In the book "Macroeconomics" by Olivier Blanchard & David R. Johnson, the following appears:

In yet other countries, people who have emigrated to the United States bring home U.S. dollar bills; or tourists pay some transactions in dollars, and the bills stay in the country. This is, for example, the case for Mexico or Thailand.

The fact that foreigners hold such a high proportion of the dollar bills in circulation has two main macroeconomic implications. First, the rest of the world, by being willing to hold U.S. currency, is making in effect an interest-free loan to the United States of $500 billion

By holding US bills of 500 billion, the rest of the world is making the US an interest free loan of $500 billion---could you please explain me how?

  • $\begingroup$ How can someone that cannot create the US Dollar “lend” US Dollars to the one and only issuer of the US Dollars? $\endgroup$ – aliteralmind May 11 '19 at 12:15

Think about what a loan is in terms of purchasing power. You give a bank your signature on a loan contract and they give you something that will allow you to buy real stuff (houses, cars, whatever). You enjoy this real stuff for some time. Then at the end you have to give the bank something that will allow them to buy real stuff, only more of it. I'm calling it "something" instead of "dollars" for a reason I will explain below.

In the foreign exchange case, the US gives other countries pieces of paper, which are essentially IOUs. They give the US either real stuff, which is then enjoyed, or they give the US their currency, which is immediately spent on real stuff. The US doesn't hoard their currency. Time passes and at the end they give back the IOU's in exchange for some real stuff. Only instead of giving back more real stuff than was originally given, the US gives back less (because of inflation).

I called dollars "something" in the loan example and "IOUs" in the macro example because dollars take on a different role in each case. In the loan, the dollars represent real purchases that are made immediately. In the macro example, the dollars take the place of the loan contract. They don't buy any real stuff until the end of the transaction.

You can think of it another way by ignoring the dollars. Foreigners give the US electronics and clothes and stuff in exchange for nothing. After a while the US gives them back food and machines or whatever, only what the US gives back is worth less than the electronics and clothes it was given. That's a zero interest (or negative interest) loan.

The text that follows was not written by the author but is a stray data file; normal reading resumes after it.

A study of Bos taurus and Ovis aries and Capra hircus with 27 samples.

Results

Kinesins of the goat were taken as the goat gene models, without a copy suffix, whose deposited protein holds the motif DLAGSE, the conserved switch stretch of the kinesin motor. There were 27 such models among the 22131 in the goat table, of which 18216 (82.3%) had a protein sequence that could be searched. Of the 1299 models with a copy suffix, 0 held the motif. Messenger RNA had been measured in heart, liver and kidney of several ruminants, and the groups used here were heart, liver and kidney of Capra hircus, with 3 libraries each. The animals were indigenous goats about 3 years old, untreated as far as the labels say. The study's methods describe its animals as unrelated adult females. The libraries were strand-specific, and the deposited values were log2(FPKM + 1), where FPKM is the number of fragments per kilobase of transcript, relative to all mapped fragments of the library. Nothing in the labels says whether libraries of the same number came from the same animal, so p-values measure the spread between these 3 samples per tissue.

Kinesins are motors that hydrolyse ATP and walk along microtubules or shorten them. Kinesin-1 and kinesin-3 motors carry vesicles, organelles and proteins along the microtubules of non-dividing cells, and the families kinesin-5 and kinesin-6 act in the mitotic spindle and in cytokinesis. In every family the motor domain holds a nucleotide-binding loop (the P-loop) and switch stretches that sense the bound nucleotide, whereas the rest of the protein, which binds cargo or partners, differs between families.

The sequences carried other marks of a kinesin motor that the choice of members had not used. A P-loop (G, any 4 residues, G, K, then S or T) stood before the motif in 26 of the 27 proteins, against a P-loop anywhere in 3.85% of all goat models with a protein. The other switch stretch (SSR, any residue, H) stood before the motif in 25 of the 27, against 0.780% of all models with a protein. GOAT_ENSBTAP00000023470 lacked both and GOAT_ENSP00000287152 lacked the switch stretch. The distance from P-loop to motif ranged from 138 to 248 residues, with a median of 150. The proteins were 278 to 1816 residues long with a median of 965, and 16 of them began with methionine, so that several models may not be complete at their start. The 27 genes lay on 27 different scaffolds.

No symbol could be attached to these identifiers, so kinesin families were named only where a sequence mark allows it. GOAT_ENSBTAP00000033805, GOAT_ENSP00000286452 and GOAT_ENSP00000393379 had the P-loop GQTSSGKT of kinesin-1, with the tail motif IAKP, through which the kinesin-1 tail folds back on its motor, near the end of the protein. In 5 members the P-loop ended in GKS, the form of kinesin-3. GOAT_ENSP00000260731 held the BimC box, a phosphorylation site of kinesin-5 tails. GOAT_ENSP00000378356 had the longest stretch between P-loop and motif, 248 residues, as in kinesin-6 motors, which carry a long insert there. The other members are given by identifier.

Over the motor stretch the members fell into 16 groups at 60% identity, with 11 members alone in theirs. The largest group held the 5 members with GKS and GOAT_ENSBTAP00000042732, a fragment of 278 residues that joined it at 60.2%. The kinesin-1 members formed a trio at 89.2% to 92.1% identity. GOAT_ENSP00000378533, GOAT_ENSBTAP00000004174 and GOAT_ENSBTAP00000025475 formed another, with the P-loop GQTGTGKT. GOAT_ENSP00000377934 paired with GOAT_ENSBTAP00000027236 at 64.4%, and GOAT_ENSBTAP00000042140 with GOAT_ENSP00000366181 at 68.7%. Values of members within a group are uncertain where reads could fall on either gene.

By the way, it's not just foreigners. Whoever holds currency has given up something valuable (time, materials, land, etc.) in exchange for paper. As long as that paper is under your mattress, you are not consuming and the paper is becoming worth less than it was. You've made a negative interest loan.


U.S. federal financial liabilities consist of currency, reserves at the Fed, bonds, and bills. Bonds and bills do not pay interest, currency does not. For reserves at the Fed, excess reserves need to pay the market rate of interest, while paying interest on required reserves is optional. (The Fed switched to paying interest on required reserves in 2008; it did not pay interest on required reserves earlier.) By not exchanging currency for Treasury bills/notes, the amount of interest bearing liabilities of the federal government is reduced.

Things are only slightly more complicated if you split the Federal Reserve away from the rest of the government in analysis. The Fed issues more currency, but in turn buys bonds and bills to balance its balance sheet. This generates extra interest income for the Fed. The extra interest is then paid back to the Treasury.

  • $\begingroup$ Note that reserve accounts at the fed do pay interest now. $\endgroup$ – farnsy Apr 17 '17 at 14:38
  • $\begingroup$ I believed that it was only excess reserves; corrected. $\endgroup$ – Brian Romanchuk Apr 17 '17 at 15:07

Considering a simplified model, as proposed by Blanchard in the book, central banks deterime M1 by buying or selling bonds, called Open Market Operations. In a contractionary open market operation, bonds will be sold and dollars will be taked out of market. When central banks do this, the bonds they sell pay a determined interest rate. Suppose that an economy is in equilibrium Money supply = Money demand, for a given interest rate; and also there are 5 billions dollars held by foreigners. If those 5 billions were actually at US economy, FED should increase bond interest in order to absorb all those excedent dollars. Finally, due to all those dollars are held out of US, FED is exempted to pay that interest to the local market.